The history of cartography traces the development of cartography, or mapmaking technology, in human history. Maps have been one of the most important human inventions for millennia. People have created and used maps to help them define, explain, and navigate their way through the world.
The earliest archaeological maps include cave paintings to ancient maps of Babylon, Greece, China, and India. They began as two-dimensional drawings, and for some time at least in Europe, the Earth was thought to be flat. Nowadays maps can be visualized adopted as three-dimensional shapes on globes. Modern maps of the old and new worlds developed through the Age of Discovery. In the 21st century, with the advent of the computing age and information age, maps can now be digitized in numerical form, transmitted and updated easily via satellite GPS and apps like Google maps, and used universally more easily than ever before.
The English term cartography is modern, borrowed from the French cartographer in the 1840s, itself based on Middle Latin carta "map".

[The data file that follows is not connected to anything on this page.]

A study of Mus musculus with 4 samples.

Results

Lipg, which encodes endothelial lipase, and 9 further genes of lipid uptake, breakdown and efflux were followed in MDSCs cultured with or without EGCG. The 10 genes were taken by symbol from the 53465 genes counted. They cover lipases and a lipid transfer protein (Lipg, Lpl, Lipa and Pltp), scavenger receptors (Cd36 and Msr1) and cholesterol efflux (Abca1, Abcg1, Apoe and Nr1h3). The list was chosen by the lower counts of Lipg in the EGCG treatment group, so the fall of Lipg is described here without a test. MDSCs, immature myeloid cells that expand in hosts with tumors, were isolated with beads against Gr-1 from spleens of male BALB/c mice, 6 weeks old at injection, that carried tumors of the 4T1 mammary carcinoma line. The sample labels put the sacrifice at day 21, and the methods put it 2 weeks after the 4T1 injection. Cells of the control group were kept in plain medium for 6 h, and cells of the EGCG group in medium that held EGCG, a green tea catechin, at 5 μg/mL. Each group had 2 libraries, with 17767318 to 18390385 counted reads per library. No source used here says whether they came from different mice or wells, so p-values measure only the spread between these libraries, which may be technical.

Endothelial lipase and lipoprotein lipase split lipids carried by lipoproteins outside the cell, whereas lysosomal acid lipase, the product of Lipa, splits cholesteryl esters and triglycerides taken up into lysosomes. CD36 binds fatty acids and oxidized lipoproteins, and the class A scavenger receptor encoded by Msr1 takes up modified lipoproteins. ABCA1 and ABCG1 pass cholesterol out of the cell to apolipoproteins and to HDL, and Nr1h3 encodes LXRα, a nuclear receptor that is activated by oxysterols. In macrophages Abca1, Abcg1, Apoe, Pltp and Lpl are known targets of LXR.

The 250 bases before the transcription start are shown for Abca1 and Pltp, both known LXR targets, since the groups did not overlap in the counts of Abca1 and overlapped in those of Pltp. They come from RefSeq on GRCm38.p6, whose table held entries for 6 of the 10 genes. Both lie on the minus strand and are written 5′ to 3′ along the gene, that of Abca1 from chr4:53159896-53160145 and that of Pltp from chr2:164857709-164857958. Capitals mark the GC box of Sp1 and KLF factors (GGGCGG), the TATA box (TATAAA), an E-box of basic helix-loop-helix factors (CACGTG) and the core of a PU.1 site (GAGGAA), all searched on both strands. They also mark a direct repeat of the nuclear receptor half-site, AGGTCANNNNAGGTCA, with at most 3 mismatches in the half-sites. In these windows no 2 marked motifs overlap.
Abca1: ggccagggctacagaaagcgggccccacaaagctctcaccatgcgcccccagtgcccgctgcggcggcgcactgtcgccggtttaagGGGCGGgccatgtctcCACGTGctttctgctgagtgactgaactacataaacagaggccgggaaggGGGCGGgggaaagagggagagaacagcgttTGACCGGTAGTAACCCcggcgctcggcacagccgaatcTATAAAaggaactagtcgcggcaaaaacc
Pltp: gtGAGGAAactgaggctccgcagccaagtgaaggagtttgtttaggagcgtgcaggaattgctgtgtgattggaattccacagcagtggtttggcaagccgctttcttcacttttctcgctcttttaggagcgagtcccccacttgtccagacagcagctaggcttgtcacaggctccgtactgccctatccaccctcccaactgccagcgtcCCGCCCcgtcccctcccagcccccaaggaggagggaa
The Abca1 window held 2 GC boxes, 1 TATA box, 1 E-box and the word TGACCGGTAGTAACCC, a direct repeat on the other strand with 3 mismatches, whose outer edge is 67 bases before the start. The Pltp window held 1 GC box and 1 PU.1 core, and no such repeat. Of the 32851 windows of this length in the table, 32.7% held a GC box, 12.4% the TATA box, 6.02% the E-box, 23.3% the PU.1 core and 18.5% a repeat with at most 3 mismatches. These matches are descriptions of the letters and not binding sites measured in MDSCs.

The earliest known maps are of the stars, not the earth. Dots dating to 14,500 BC found on the walls of the Lascaux caves map out part of the night sky, including the three bright stars Vega, Deneb, and Altair (the Summer Triangle asterism), as well as the Pleiades star cluster. The Cuevas de El Castillo in Spain contains a dot map of the Corona Borealis constellation dating from 12,000 BC.
Cave painting and rock carvings used simple visual elements that may have aided in recognizing landscape features, such as hills or dwellings. A map-like representation of a mountain, river, valleys, and routes around Pavlov in the Czech Republic, carved on a mammoth tusk, has been dated to 25,000 BC, making it possibly the oldest known map of all time. A polished chunk of sandstone from a cave in Spanish Navarre, dated to 14,000 BC, may represent similar features superimposed on animal etchings, although it may also represent a spiritual landscape or simple incising.
Another ancient picture that resembles a map was created in the late 7th millennium BC in Çatalhöyük, Anatolia, modern Turkey. This wall painting may represent a plan of this Neolithic village; however, recent scholarship has questioned the identification of this painting as a map.